Most dog owners have likely heard of heartworm disease but may not know how it is transmitted and how important prevention is. Heartworm is spread by mosquitoes; and we have plenty of them in Northern Minnesota. Heartworm disease affects dogs, cats, and ferrets, but heartworms can also live inside other canines including wolves, coyotes, and fox. This disease is serious and potentially fatal, but easily preventable.


Mosquitoes are essential to heartworm transmission as the intermediate host for the microscopic worms called microfilariae (“baby heartworms”). The microfilariae circulate in an infected canine’s bloodstream. The mosquito bites the infected dog and ingests the microfilariae which develop into larvae inside the mosquito over 10-14 days. The mosquito then bites another canine and deposits the microfilaria in the new host where they travel to the heart and develop into adult heartworms over about 6 months.

Picture Credit: American Heartworm Society


Patients in early stages of heartworm disease may not exhibit any symptoms. This allows for easy transmission from dog to dog before diagnosis and treatment. As the disease progresses, pets may develop heart failure. Symptoms may include:

  • Cough
  • Exercise intolerance
  • Decreased appetite
  • Weight loss
  • Swollen abdomen
  • Labored breathing
  • Pale gums


Picture Credit: Idexx.com

The veterinary community recommends screening for heartworm disease once a year. In our area tick diseases are also very prevalent, so the Idexx 4Dx snap test is commonly used.  It tests for the presence of antibodies of heartworm and three common tick diseases: Lyme disease, Ehrlichiosis, and Anaplasmosis. More testing may be recommended after a positive test to confirm and stage the disease.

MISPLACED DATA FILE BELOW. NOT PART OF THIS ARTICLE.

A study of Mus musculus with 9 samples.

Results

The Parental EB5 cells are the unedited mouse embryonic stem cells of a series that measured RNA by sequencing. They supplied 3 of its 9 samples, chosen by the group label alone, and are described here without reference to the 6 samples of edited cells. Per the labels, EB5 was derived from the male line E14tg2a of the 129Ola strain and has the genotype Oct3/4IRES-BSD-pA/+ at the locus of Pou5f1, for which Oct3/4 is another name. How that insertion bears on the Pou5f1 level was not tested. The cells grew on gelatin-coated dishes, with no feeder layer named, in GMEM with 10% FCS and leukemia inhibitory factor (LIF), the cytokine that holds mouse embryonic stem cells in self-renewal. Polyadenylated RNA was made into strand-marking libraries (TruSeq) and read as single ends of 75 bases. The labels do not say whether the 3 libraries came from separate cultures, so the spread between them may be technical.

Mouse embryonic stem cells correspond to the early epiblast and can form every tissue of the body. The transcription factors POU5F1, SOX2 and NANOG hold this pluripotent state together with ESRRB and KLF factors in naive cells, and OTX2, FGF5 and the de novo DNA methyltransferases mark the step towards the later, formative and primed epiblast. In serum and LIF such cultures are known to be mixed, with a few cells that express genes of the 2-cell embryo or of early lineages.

There are many theories on treatment for heartworm disease. Any of them should be done with caution and under supervision of your pet’s veterinarian. Prior to treatment blood work, radiographs and specific tests will be recommended to determine the stage of the disease. Supportive care, exercise restrictions, and additional medications may be needed for more severe cases. The current recommendation from the American Heartworm Society is a multiple step process with a strict regimen of medications and injections. Antibiotics are given to prevent complicating factors from secondary bacteria. The medication to kill the adult heartworms is injected deep into the dog’s muscle. This can be painful, and there is risk of negative side effects. Treatment should be done even if the patient is asymptomatic.


“An ounce of prevention is worth a pound of cure.”

Benjamin Franklin

Mr. Franklin could not have been more correct, especially when it comes to Heartworm disease. The oral monthly preventives work by killing any microfilariae that have been injected into the dog in the past 30 days. Therefore, we recommend starting it in the spring, a month after the mosquitoes are first seen, if you’re not giving it year-round. According to the American Animal Hospital Association, heartworm preventive costs on average $10-15 per month. Treatment on the other hand can be well over $1,000. Drug companies have also made it easy for clients to give their pets heartworm preventive with tasty, chewable, treat-like products. Most also treat for hookworms, roundworms, and some for tapeworms. With so many options available it can be overwhelming, veterinary professionals can answer your questions and make recommendations.

Heartworm disease is a widespread problem; it has been diagnosed in dogs in all 50 states. Even after treatment there can be long-term effects that can shorten your dog’s life. Save your dog the pain and risk and give them a tasty, once monthly treat. It will benefit for you and your canine friend in the long run.